How to Keep Yourself Safe – Tips for Personal Situational Awareness

The definition of personal situational awareness is being aware of one’s surroundings and any potential hazards or threats. Sounds simple enough, but how do you practice this in your everyday life? How do you ensure that you are being cautious and continually aware of your surroundings?

We recently sat down with Kenneth McGuire, Senior Vice President of Business Development at Arrow Security, to discuss some key points regarding personal safety. Mr. McGuire has nearly 20 years of experience in the security industry, as well as being a highly decorated retired New Jersey Police Detective.

“You must be proactive in your approach to personal safety. You wouldn’t go to bed at night without locking your doors or setting your security alarm to ensure that your home and perimeter are safe,” says McGuire. “You should also have that same mindset when you’re out walking, shopping, or commuting to work. It starts with being prepared at all times.”

Here are his suggested tips for enhancing and elevating your personal situational awareness:

  1. Stay Alert

Always pay attention to your surroundings. Regularly scan your environment. Keep your focus and avoid distractions. Use your phone or other devices responsibly to enhance, not hinder, your awareness. Be cautious about over-reliance on technology, especially in unfamiliar areas. Don’t let your guard down.

“How can you react if you’re just looking at your phone? You have no idea of what is going on around you. Take note if anyone is behaving oddly, seems aggressive or nervous,” says McGuire. “Be observant and aware of your surroundings at all times. Technology can be a detriment if you’re focused on your phone and not your situation.” However, McGuire notes, sometimes a phone can be helpful if it allows you to record a problem situation – but only attempt this if it is safe to do so.

  1. Trust Your Intuition

Observe the behaviors of people around you. Look for signs of discomfort, aggression, or unusual actions. Trust your instincts; if something doesn’t feel right, it probably isn’t. If something feels off, trust your gut, and take appropriate action.

“If you encounter someone who makes you feel uneasy or is acting aggressively, put as much space as possible between you and them and alert a police officer or security guard. Security guards patrol most shopping malls and individual businesses can assist. If you see something, say something – just like the slogan,” explains McGuire.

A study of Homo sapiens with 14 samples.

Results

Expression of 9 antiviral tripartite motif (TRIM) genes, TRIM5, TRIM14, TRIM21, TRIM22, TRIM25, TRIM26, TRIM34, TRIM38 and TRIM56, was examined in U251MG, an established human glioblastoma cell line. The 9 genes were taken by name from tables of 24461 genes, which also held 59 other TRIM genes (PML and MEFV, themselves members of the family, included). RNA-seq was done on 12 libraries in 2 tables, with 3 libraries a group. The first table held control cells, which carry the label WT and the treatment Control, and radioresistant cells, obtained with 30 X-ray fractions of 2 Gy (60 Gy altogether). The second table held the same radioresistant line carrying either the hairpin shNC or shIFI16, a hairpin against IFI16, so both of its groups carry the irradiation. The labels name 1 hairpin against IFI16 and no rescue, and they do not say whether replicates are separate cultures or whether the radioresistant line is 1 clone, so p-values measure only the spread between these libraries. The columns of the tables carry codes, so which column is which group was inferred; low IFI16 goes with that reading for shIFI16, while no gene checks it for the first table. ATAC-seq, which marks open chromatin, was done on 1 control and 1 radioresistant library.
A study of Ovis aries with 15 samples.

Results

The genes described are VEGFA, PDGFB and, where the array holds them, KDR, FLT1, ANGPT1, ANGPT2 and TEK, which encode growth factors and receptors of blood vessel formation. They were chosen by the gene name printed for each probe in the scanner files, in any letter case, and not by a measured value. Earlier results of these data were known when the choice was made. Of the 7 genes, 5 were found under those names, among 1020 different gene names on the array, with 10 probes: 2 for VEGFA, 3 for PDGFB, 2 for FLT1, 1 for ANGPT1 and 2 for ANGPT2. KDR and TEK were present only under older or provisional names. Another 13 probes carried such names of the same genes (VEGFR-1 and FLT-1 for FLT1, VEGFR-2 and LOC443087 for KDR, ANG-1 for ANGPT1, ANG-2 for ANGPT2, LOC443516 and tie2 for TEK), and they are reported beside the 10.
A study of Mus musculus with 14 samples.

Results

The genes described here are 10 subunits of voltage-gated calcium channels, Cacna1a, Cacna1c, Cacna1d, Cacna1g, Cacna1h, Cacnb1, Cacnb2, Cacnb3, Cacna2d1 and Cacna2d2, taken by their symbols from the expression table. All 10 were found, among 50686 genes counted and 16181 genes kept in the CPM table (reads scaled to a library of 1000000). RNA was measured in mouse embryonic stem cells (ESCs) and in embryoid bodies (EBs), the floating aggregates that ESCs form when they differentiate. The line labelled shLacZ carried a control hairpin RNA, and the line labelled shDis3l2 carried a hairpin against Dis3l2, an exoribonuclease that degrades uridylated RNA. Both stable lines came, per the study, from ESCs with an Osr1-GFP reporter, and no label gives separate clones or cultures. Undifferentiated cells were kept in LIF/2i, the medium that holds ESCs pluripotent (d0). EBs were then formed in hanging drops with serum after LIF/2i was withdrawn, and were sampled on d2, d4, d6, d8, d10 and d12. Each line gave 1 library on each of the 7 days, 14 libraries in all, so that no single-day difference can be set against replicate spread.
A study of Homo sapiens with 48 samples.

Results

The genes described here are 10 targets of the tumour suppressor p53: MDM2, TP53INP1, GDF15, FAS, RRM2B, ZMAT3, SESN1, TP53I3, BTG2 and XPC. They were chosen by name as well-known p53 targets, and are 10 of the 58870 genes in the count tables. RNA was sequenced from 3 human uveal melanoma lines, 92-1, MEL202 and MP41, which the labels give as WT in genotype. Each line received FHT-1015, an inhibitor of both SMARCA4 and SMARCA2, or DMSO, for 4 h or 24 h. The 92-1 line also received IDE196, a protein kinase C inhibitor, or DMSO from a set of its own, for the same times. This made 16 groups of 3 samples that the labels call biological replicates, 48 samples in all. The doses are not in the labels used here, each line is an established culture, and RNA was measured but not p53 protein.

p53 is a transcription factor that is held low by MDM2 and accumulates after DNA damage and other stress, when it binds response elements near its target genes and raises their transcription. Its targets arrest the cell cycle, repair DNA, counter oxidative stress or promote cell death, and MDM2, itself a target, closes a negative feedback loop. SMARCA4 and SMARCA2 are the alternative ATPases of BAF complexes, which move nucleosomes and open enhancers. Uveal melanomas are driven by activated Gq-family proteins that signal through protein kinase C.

1. Stay Informed and Educate Yourself

Be aware of current events and local news and understand potential risks and threats in your community, as well as unfamiliar areas you plan to visit. Become educated through accredited and professional services in self-defense techniques, personal safety measures, and basic first aid.

“You may want to consider learning how to defend yourself. There is an array of self-defense classes out there. You can search online, check with your local library, or the adult education program in your area,” says McGuire. “And remember, if it’s an emergency and feel you are being threatened, call 911.”

  1. Stay Connected

Keep in touch with friends or family when you’re out. Share your plans and expected return times. If you’re away for an extended period of time, check in with your friends and family on a regular basis and advise them if your plans change.

“If you have to walk alone at night in a parking lot to get to your car or mass transit, make a phone call so a family member or friend knows your location,” explains McGuire. “This should also include meetings that are set up on dating or social media apps. If there’s an incident, someone knows where you are so they can alert authorities if you’re unable to.”

5. Know Your Environment

    Familiarize yourself with the layout of the places you frequent on a regular basis. Identify exits, escape routes, and safe zones in case of an emergency. Have a plan for emergencies, including evacuation plans, as well as communication protocols with law enforcement or a family member or friend.

    “Ask yourself: How would I get out of here if something happened?” says McGuire. “If you go to the mall or movie theater – any place with a multitude of people – know where the exits are and how to get out. It doesn’t take a lot of effort or time to be prepared in case things should go wrong.”

    Thinking you’re safe and making sure you’re safe are two different things. It’s important to take steps to protect yourself no matter where you are.